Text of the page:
With digital I&C technology, judicious communication between redundant safety channels and between safety and nonsafety systems may enhance reliability and safety more than could have been attained when existing operating nuclear power plants were designed with analog technology. Proposed designs include varying degrees of communication between redundant safety channels and between safety and nonsafety systems to validate signals and ensure high reliability.


It should be demonstrated that the provisions for the implementation of communications among redundant safety channels and between safety and nonsafety systems and the communication processes and messages themselves do not impair the proper execution of the associated safety functions through unintended behaviors or inadequately managed failure modes or by any other means or influence.

The NRC is developing consolidated guidelines to support staff reviews of proposed communication protocols and systems. Issues such as two-way communication, data density, and communication traffic levels appropriate for safety-related applications need to be addressed in the documentation of the proposed designs.


In Appendix A to 10 CFR Part 50, General Design Criterion (GDC 24), “Separation of Protection and Control Systems,” states the following requirement:

The protection system shall be separated from control systems to the extent that failure of any single control system component or channel, or failure or removal from service of any single protection system component or channel which is common to the control and protection systems leaves intact a system satisfying all reliability, redundancy, and independence requirements of the protection system. Interconnection of the protection and control systems shall be limited so as to assure that safety is not significantly impaired.

GDC 24 provisions regarding interconnection of the protection and control systems limit two-way communication between safety and nonsafety systems. Consensus standards indicate that such communication pathways are acceptable as long as

  • failure of the communication system does not impair the safety function, and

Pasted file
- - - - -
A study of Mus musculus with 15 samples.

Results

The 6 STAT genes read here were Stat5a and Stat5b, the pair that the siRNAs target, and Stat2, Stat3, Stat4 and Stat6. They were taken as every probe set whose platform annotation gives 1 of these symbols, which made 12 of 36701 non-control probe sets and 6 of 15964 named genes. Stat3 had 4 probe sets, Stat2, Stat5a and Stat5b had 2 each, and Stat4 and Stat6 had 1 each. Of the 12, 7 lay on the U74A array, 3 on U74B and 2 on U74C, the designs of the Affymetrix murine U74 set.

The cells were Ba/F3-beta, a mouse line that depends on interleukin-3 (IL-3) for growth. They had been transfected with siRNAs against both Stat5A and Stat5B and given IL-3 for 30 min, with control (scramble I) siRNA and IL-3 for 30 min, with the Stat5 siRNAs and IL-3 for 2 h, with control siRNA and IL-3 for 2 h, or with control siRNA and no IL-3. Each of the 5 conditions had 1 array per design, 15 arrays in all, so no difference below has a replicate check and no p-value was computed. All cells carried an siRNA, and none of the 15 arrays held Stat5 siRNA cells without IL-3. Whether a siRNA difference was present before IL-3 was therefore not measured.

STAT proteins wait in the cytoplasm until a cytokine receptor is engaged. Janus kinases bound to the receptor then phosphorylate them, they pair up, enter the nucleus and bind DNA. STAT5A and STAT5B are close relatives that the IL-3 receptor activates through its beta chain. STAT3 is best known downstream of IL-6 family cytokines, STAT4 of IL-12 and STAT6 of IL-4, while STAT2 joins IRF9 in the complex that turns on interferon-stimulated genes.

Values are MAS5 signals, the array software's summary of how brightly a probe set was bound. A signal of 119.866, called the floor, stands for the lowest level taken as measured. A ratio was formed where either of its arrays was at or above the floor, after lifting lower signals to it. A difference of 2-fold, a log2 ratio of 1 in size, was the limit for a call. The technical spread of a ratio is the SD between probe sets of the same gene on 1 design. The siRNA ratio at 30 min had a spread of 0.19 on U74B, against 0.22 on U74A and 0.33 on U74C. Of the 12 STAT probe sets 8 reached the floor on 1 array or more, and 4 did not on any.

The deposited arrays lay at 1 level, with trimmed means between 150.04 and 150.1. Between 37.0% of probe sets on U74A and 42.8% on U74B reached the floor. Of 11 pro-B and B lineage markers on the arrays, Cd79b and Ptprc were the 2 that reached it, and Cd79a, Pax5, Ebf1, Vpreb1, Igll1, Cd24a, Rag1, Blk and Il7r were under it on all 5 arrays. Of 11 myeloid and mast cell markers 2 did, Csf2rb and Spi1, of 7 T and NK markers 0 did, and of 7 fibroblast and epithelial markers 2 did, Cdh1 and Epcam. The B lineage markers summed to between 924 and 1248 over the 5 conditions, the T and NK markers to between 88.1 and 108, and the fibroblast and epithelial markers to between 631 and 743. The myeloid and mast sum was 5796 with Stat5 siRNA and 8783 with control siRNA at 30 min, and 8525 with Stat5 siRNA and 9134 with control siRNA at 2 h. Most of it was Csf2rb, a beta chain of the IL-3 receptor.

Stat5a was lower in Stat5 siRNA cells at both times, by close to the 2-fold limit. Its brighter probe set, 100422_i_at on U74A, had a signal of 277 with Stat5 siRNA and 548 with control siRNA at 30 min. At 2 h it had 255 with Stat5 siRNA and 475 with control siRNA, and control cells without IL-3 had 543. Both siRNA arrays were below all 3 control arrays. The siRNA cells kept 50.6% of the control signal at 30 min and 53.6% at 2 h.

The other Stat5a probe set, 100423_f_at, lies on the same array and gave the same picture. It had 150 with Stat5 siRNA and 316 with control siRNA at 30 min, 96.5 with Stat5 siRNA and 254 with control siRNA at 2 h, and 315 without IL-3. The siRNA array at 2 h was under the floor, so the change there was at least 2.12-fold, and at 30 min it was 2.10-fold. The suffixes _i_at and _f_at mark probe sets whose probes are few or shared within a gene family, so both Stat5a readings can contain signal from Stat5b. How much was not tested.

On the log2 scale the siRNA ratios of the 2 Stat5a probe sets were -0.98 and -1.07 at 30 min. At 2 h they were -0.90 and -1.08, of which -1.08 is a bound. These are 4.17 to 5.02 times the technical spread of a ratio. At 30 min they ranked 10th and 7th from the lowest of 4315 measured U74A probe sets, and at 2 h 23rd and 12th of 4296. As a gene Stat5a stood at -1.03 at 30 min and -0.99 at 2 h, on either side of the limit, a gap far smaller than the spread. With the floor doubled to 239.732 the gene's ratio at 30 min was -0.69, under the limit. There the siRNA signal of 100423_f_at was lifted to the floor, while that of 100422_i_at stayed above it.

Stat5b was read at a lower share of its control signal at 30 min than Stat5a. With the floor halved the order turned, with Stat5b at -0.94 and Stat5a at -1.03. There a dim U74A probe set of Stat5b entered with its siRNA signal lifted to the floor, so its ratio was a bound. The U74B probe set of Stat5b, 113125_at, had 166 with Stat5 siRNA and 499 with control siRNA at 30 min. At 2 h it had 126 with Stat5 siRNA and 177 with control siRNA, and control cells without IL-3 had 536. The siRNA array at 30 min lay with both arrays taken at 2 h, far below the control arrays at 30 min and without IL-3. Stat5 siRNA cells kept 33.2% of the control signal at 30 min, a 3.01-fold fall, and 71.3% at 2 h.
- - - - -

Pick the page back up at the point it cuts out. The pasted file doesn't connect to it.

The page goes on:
• the safety function does not rely on nonsafety system inputs to operate.

The NRC has approved digital safety systems that use limited two-way communications between safety and nonsafety components to allow safety system reconfigurations while in operating modes specifically designed to accept changes (e.g., test mode for testing a channel and Inop mode for changing setpoints and performing channel maintenance).


Some of the new control room designs may apply strategies for integrating safety- and nonsafety-related controls within the same controller or display device. The proposed controls and displays could include extensive two-way communications among safety channels and between safety and nonsafety channels. Applicants should demonstrate that proposed mixed channel displays and controls and operation of safety devices by means of nonsafety controls or of controls in other channels maintain the required independence and isolation of redundant safety systems.


The NRC is developing failure analysis techniques for use in the evaluation of complex digital communication systems proposed for use within and among redundant safety channels and between safety and nonsafety channels. As part of this development, the NRC will use case studies of current technologies to identify scenarios that could challenge a safety system and to identify mitigation measures to address those challenges.

The primary objective of this effort is to develop a comprehensive process for confirming that an integrated control room design conforms with 10 CFR Part 50.55a(h), “Protection and Safety Systems” requirements and the requirements in associated standards and regulatory criteria for areas such as

  • electrical separation and independence between safety- and nonsafety-related displays and controls;
  • single failure criteria;
  • equipment qualification of Class 1E safety-related displays and controls; and
  • data communication isolation.

The regulatory criteria for these requirements are found in Regulatory Guide 1.152, “Criteria for Digital Computers in Safety Systems of Nuclear Power Plants,” which endorses with exceptions IEEE 7-4.3.2-2003, “IEEE Standard Criteria for Digital Computers in Safety Systems of Nuclear Power Generating Stations.”